Take Marketing Responsibility
Communication snafus are everywhere. It happens for many reasons and most often it's a lack of communication or the assumption that something is happening when it is not happening. For example, in the book publishing world, it takes a lot of work for a writer to get a publisher interested in their idea and concept. The writer has to learn the craft of writing and build credibility through writing magazine articles or ebooks or other media to build their credentials and abilities. Finally they craft a book proposal and get a publisher to issue a book contract. Their book is released into the marketplace. Because the publisher has invested a large amount of money and energy (and the writer has as well), the writer assumes the publisher will market the daylights out of their book and sell many copies. Now my last sentence is full of wrong assumptions. Publishers do want their books to sell and be successful but they count on a partnership with the author to get the word out about the book, build buzz and sales for each book. Some times it happens in the early stages and other times it builds to a loud clamor in the marketplace.
My encouragement for every author is to take responsibility for their own marketing. Let's assume the traditional publisher will have good distribution (which in some cases is an assumption). Your book has entered the market and is widely available through distributors, sometimes in the bookstores and can easily be purchased at the major online places. It is not a time for the author to sit back and work on their next book (well maybe some of the time but not all of it). The author needs to continually take responsibility for their own marketing--even if they have had measures of success in the past. The public quickly forgets.
Last week I received a book proposal from an author who is eager for me to represent the project. The marketing section is two paragraphs and all fluff with the major responsibility on the publisher. I groaned the minute I looked at it because this author will need a huge amount of education on my part before this person can put together an attention-getting marketing effort. Yes, this person has had mega sales in the past but it will not necessarily transfer to this new direction and this new proposal. To believe it will transfer, the author is operating on a false assumption which may fall completely flat.
I'm personally limited about what I can put in these entries about the writing life. I have the same 24 hour constraints that you operate under. I’m going to give you some resources and places to turn. First, make plans to attend a Mega Book Marketing Event. They are coming to many different places around the country and the next one will be in New York City later this month. Unfortunately I am not going to be able to attend this event but it looks great. If you can't go, then make sure you listen to the free preview calls and gain the insight of the speakers. Either listen to them live when they happen or listen to them after the fact through the replay buttons. This training is absolutely free and valuable to any writer no matter where you are in the journey. You can learn from these experts.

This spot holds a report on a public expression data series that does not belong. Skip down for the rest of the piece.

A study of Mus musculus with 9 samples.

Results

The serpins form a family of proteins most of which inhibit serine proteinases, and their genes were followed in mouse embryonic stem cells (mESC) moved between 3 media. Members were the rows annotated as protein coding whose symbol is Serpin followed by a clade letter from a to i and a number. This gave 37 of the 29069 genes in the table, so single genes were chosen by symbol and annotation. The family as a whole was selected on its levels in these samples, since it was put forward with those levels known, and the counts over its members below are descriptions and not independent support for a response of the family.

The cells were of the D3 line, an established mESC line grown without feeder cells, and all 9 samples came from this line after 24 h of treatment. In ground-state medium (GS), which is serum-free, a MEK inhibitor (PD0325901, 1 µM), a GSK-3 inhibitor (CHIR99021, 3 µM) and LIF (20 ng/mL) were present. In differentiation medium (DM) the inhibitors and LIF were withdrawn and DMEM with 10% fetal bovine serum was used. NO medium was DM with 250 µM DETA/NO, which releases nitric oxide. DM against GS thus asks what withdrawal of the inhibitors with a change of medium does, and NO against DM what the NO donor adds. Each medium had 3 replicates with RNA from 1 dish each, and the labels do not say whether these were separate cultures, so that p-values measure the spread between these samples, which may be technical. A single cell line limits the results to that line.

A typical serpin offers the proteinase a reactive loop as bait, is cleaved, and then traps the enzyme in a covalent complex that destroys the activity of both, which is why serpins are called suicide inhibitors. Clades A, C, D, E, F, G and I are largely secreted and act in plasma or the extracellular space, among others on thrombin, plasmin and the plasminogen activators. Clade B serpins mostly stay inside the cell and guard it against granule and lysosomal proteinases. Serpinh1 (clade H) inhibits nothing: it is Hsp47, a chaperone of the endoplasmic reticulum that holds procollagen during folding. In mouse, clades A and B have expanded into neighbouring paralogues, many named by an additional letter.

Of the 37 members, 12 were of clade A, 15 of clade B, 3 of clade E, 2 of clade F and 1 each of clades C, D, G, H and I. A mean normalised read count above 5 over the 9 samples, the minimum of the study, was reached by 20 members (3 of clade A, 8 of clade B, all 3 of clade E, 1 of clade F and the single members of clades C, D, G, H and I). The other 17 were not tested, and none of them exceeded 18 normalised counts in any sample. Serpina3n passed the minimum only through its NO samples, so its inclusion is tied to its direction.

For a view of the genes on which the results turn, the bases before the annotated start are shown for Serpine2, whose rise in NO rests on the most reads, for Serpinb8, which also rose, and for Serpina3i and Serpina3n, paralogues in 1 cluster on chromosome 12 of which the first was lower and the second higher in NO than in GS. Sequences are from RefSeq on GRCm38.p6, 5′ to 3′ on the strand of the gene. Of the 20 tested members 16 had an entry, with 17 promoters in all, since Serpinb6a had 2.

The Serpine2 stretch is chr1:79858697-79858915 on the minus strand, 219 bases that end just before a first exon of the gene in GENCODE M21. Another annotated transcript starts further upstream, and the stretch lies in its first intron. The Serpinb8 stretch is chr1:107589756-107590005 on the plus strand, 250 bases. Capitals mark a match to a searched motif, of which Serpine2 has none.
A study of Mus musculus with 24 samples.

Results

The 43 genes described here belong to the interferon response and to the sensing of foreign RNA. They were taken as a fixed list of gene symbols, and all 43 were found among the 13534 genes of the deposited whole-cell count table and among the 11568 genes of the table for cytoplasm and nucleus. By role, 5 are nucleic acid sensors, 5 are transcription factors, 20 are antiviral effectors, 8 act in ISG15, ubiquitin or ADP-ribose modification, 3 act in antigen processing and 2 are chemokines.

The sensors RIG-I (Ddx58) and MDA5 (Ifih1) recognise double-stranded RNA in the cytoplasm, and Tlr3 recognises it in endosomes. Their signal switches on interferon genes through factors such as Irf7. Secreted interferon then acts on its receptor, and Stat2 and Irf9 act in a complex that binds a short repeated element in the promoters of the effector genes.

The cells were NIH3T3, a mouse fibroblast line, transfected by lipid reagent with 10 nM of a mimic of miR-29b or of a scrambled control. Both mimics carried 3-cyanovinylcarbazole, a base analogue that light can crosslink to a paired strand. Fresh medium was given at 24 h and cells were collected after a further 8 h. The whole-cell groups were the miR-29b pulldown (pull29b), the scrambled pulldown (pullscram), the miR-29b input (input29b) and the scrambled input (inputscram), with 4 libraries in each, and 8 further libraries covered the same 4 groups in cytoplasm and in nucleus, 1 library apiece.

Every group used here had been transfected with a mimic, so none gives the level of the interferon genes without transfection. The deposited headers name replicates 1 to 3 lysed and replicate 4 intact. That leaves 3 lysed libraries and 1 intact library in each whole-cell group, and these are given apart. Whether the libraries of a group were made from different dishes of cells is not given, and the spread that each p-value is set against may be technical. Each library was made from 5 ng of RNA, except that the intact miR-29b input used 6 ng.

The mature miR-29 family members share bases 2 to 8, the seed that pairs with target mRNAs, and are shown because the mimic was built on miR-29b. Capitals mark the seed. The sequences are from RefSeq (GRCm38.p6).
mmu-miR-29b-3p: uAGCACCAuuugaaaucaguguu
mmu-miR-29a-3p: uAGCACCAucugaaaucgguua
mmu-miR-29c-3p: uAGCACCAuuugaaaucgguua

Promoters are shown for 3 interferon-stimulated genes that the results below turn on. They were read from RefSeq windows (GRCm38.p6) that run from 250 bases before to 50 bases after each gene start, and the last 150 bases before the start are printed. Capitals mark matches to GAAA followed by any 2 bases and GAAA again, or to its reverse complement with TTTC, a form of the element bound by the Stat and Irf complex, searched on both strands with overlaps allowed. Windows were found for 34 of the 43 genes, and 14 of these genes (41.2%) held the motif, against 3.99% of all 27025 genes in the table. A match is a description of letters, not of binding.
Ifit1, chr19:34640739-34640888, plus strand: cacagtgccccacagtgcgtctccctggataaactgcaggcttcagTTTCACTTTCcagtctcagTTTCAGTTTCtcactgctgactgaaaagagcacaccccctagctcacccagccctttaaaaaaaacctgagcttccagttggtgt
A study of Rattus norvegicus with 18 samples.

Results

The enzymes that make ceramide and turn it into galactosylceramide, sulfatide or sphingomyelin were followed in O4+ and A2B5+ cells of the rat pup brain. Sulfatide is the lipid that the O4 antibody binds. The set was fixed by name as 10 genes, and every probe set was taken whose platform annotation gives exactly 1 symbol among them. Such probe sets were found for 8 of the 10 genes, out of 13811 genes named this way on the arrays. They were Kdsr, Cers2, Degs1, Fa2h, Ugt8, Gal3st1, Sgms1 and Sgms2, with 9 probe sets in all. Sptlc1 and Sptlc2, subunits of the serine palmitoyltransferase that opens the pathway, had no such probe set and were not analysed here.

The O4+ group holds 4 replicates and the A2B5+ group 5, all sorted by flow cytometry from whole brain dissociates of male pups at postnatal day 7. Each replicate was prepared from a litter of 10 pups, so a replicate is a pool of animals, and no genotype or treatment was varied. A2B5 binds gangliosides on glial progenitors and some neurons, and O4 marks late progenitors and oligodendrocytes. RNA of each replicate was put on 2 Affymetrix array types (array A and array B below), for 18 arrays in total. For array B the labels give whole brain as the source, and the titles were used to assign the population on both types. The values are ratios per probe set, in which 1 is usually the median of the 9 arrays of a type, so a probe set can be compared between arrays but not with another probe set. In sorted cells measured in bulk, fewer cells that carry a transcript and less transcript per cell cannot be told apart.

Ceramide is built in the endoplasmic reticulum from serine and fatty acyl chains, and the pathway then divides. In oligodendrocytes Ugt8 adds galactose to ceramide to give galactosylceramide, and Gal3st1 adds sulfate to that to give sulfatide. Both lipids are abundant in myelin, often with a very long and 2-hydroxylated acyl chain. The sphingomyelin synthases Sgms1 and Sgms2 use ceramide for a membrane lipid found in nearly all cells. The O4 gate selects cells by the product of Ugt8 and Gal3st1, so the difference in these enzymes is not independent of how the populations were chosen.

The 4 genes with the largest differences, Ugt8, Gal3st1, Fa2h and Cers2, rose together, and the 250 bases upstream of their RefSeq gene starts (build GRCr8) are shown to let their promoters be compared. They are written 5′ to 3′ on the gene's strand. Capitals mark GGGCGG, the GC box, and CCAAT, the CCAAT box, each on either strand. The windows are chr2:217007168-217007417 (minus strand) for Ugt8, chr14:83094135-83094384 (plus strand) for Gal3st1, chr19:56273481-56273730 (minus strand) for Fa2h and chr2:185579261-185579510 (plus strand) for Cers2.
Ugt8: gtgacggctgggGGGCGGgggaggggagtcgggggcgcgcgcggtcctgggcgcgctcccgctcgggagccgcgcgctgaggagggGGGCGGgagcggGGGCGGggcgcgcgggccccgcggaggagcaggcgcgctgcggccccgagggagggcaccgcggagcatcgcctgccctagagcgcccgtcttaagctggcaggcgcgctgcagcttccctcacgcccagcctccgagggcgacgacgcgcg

In other entries, I've written about Debbie Macomber, one of the leading romance novelist and someone that I know personally. There is a fascinating article about Debbie in the Seattle Post-Intelligencer. Here's a writer who has over 70 million books in print and is on the current New York Times bestseller list. She has not assumed her publisher will market her books and is taking a continual active role in this process. Notice the article points out that Debbie has a mailing list with 75,000 readers--and not a list she has purchased but people who have contacted her personally. I'm one of these readers and I get emails from time to time from Debbie. Every writer should be working on developing their list of readers. I've got my free Right-Writing News. Several times a month, I will email this list with single letters around a particular product that I am recommending. Then once a month, I will send a regular newsletter which is full of how-to-write articles. In the back issues (which are only available to subscribers—and free), readers have access to over 400 pages of information. I am continuing to work at growing my list and expanding it. If you have no idea how to write a newsletter or what to say, I'd encourage you to follow the links and learn about it, make a choice and get started. It's another way for you to take responsibility for the marketing of your own books.